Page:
Judge: Twitter must release arrested Occupy protestor's data


Only Twitter, not its users, can fight a criminal court subpoena for user information, with no expectation of privacy for once-public communication.

Twitter Amici Curiae Occupy

A recent criminal court ruling in Manhattan makes it harder for both users and web companies to contest legal requests for messages and user information after they have been made public. In May, Twitter sought to quash a subpoena for Occupy Wall Street protestor Malcolm Harris's tweets, location, and other data over a 90-day period flanking his October 1st arrest for disorderly conduct on the Brooklyn Bridge. On Saturday, Judge Matthew Sciarrino Jr. upheld an earlier ruling that Harris himself had no standing to contest the subpoena, ruled that Harris had no expectation of privacy in a public tweet, and denied Twitter's claim that the subpoena constituted an unreasonable burden on the company.

In short, only Twitter can fight a criminal court subpoena for user information, and for most requests for once-public information, the company will be expected by the court to hand it over. Unlike a privately sent email, "[t]here can be no reasonable expectation of privacy in a tweet sent around the world," writes Judge Sciarrino Jr.

"Today, the street is an online information superhighway"

Sciarrino also makes it clear that in his opinion, the logic and implications of the ruling are not limited to Twitter alone, but all forms of social media:

Consider the following: a man walks to his window, opens the window, and screams down to a young lady, "I'm sorry I hit you, please come back upstairs." At trial, the People call a person who was walking across the street at the time this occurred. The prosecutor asks, "What did the defendant yell?" Clearly the answer is relevant and the witness could be compelled to testify. Well today, the street is an online, information superhighway, and the witnesses can be the third party providers like Twitter, Facebook, Instragram [sic], Pinterest, or the next hot social media application.There are several things that are counterintuitive about the specifics of the court's ruling, due to the vagaries of the Stored Communications Act (or "SCA"). Here are a few of them:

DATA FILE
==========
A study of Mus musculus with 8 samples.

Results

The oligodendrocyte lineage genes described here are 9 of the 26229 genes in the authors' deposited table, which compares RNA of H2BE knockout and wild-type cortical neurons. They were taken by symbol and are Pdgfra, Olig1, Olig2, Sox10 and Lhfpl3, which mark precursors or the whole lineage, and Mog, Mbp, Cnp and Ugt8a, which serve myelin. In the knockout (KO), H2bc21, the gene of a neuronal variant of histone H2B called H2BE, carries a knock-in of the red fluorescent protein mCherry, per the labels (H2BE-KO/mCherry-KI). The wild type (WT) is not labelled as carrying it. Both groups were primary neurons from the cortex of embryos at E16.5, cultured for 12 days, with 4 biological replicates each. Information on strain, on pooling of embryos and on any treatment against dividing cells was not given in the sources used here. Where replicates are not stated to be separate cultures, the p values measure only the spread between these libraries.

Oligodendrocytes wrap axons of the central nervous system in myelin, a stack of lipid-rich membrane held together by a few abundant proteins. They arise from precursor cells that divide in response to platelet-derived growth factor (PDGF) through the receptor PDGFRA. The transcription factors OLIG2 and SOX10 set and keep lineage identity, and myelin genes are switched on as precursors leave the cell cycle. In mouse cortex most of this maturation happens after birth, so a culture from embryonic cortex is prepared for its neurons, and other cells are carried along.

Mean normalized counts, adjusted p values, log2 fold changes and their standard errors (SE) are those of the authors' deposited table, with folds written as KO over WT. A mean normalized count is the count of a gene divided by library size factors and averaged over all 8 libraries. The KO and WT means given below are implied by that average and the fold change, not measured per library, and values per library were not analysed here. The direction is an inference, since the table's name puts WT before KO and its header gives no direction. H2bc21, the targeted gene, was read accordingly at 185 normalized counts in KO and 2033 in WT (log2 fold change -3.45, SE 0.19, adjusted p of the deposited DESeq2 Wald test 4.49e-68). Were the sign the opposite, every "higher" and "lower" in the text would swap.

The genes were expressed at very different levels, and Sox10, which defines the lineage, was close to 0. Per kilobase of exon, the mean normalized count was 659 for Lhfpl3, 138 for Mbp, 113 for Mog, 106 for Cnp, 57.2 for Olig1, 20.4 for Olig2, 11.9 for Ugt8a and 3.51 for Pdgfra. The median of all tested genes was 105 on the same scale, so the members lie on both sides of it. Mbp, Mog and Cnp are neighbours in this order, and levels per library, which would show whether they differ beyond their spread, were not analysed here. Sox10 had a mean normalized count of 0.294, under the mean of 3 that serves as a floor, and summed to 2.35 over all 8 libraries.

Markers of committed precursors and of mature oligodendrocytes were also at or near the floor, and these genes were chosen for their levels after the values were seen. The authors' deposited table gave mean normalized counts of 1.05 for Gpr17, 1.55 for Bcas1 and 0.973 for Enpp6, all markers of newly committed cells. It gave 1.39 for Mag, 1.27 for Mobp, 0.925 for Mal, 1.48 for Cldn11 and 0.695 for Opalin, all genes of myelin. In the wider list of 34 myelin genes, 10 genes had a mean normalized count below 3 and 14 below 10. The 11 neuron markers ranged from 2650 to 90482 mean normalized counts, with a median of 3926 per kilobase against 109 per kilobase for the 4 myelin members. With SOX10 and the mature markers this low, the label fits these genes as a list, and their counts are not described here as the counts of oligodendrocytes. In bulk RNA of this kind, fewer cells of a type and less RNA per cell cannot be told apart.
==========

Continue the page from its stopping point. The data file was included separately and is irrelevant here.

Tweets fewer than 180 days old require a search warrant

  • Tweets greater than 180 days old are subject to subpoena by a criminal court and can be sought without a search warrant. Tweets fewer than 180 days old do require a search warrant. This is because the SCA considers data less than 180 days old "temporary electronic storage" and subject to stricter legal requirements than older material, which is presumably contemporary. This means that tweets that are still publicly available via Twitter's web site or use of its API are more likely to require a search warrant than older tweets which may no longer be publicly accessible.
  • "Content information," i.e., tweets or other messages, are subject to a different standard from "non-content information," including "subscriber information, e-mail addresses… logs maintained by the network server, etc." That is just the non-content information enumerated by Judge Sciarinno, Jr. In a friend of the court brief filed on May 31st [PDF}, the ACLU, Electronic Frontier Foundation, the New York Civil Liberties Union, and Public Citizen contend that this "non-content information" requested by the District Attorney's office also includes Harris's "personal email address, but also the content of his tweets, the date, time, and the Internet Protocol ('IP') address that corresponds to each time he used Twitter over the three-and-a-half month period, and the duration of each of Harris’s Twitter sessions, regardless of whether he posted any tweets during those log-in sessions and regardless of whether any of his tweets were related to the issues involved in the pending prosecution."
  • Does non-content information include location?In particular, this amici curiae brief contends that such "non-content information" can be used to determine a user's approximate location, login and logout times, what he or she read, and with whom he or she communicated on Twitter even by private direct messages. None of these claims appear to be directly addressed by Judge Sciarinno's ruling.

If the ruling is upheld, it seems unlikely that Twitter and other social media or cloud storage services would be likely to contest a criminal court subpoena subject to the SCA in any but the most extraordinary circumstances.